High-profile news stories about children and teens being sexually abused by trusted teachers, religious leaders, neighbours, and family members continue to shock parents, educators, and other caring adults across the country. These sad stories are classic examples of how individuals can misuse their positions of trust and power to abuse and coerce kids and of how adults in responsible positions often fail to take adequate action to stop them.
Parents and other concerned adults are left wondering, “What do I need to watch out for? How can I protect my kids? What can I teach them about protecting themselves?”
The safety and self-esteem of a child are more important than anyone’s embarrassment, inconvenience, or offense. If you suspect that there is a safety problem, especially involving children, take personal responsibility for doing something to address it. This means speaking up persistently and widely until effective action is taken to fix that problem. Don’t just tell someone, even if that person is in a position of authority, and assume that your responsibility is at an end. Follow up to see what is happening. Realize that children and young people who are being abused need help and protection – and that anyone who is abusing them needs to be stopped.
Don’t just trust people just because they are part of a reputable organization, place of worship, or school. Check each person out for yourself, especially if he or she is going to be alone with your child. Check references. Don’t assume that someone will tell you if something bad happens. Trust your intuition if something feels uncomfortable to you. Watch out for someone who seems to single out certain kids for special attention and private relationships, who seeks social and recreational opportunities to be alone with kids without other adults there, or who is not open to parents and other responsible adults being fully informed about and comfortable with what is going on. When in doubt, check it out!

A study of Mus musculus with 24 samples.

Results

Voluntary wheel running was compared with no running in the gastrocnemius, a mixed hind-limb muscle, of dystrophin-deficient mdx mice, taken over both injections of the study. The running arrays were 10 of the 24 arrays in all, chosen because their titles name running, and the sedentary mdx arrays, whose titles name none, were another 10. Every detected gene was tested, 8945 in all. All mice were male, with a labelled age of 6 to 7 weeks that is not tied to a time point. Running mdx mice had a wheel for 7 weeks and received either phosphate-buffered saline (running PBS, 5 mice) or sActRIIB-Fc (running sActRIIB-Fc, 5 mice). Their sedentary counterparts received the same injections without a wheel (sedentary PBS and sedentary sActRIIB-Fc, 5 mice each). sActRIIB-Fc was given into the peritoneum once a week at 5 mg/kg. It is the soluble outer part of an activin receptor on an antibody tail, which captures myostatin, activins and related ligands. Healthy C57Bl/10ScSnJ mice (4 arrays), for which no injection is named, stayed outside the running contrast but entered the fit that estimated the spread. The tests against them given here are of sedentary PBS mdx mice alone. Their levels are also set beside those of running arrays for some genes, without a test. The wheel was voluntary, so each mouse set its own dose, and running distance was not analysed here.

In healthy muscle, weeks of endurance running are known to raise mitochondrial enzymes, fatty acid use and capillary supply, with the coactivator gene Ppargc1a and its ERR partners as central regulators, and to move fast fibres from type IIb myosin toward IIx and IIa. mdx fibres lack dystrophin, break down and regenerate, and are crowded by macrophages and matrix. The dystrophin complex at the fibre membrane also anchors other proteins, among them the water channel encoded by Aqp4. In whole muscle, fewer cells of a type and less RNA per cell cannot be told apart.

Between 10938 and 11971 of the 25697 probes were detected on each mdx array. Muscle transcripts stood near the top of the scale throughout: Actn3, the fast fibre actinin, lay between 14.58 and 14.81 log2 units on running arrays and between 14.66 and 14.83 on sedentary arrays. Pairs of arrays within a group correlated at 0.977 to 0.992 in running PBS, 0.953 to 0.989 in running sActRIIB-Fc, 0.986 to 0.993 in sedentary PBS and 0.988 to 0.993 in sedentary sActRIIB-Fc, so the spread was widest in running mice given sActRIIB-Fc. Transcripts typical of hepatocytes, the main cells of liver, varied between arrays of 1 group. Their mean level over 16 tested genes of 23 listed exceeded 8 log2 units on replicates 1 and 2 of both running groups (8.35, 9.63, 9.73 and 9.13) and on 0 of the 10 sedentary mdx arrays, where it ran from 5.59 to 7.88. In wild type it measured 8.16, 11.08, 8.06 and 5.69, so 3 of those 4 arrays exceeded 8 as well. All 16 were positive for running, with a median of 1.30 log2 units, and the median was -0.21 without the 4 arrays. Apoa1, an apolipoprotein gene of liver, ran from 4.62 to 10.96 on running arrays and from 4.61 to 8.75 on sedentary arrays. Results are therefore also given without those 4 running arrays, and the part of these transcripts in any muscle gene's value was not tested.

Once in a while, in a calm, conversational way, at a peaceful moment, ask, “Is there anything you’ve been wondering or worrying about that you haven’t told me?” Thank the child for telling you and listen with interest to the answers. Don’t tease, even if what the child says seems silly. Avoid scolding at that moment, even if the child has done something wrong.
Be very clear with all children in your life that secrets about problems, touch, favors, gifts someone gives them, photos or videos, privileges, time alone with anyone, and games are not safe. Their job is to tell you and other adults they trust instead of keeping secrets, even if someone they care about will be upset or embarrassed.
4) Prepare young people to take charge of their safety by practicing skills. One quick action can stop most abuse – pushing someone’s hand away, ordering someone to stop, leaving as soon as you can, resisting emotional coercion, and telling. Kids are more likely to be able to take actions like these when they need to if they understand their safety rules and have the chance to rehearse following these rules in a fun, age-appropriate way.
Using non-sexual examples such as tickling or roughhousing, role-play with kids skills for setting boundaries on touch and teasing with people they know and care about even if someone tries to pressure them. Using non-sexual examples such as someone hurting their feelings or playing a scary game, give kids practice on how to interrupt a busy adult with a safety problem and tell the whole story. Practice what to do if the adult doesn’t listen by persisting and, if need be, how to keep telling different adults until someone helps solve the problem.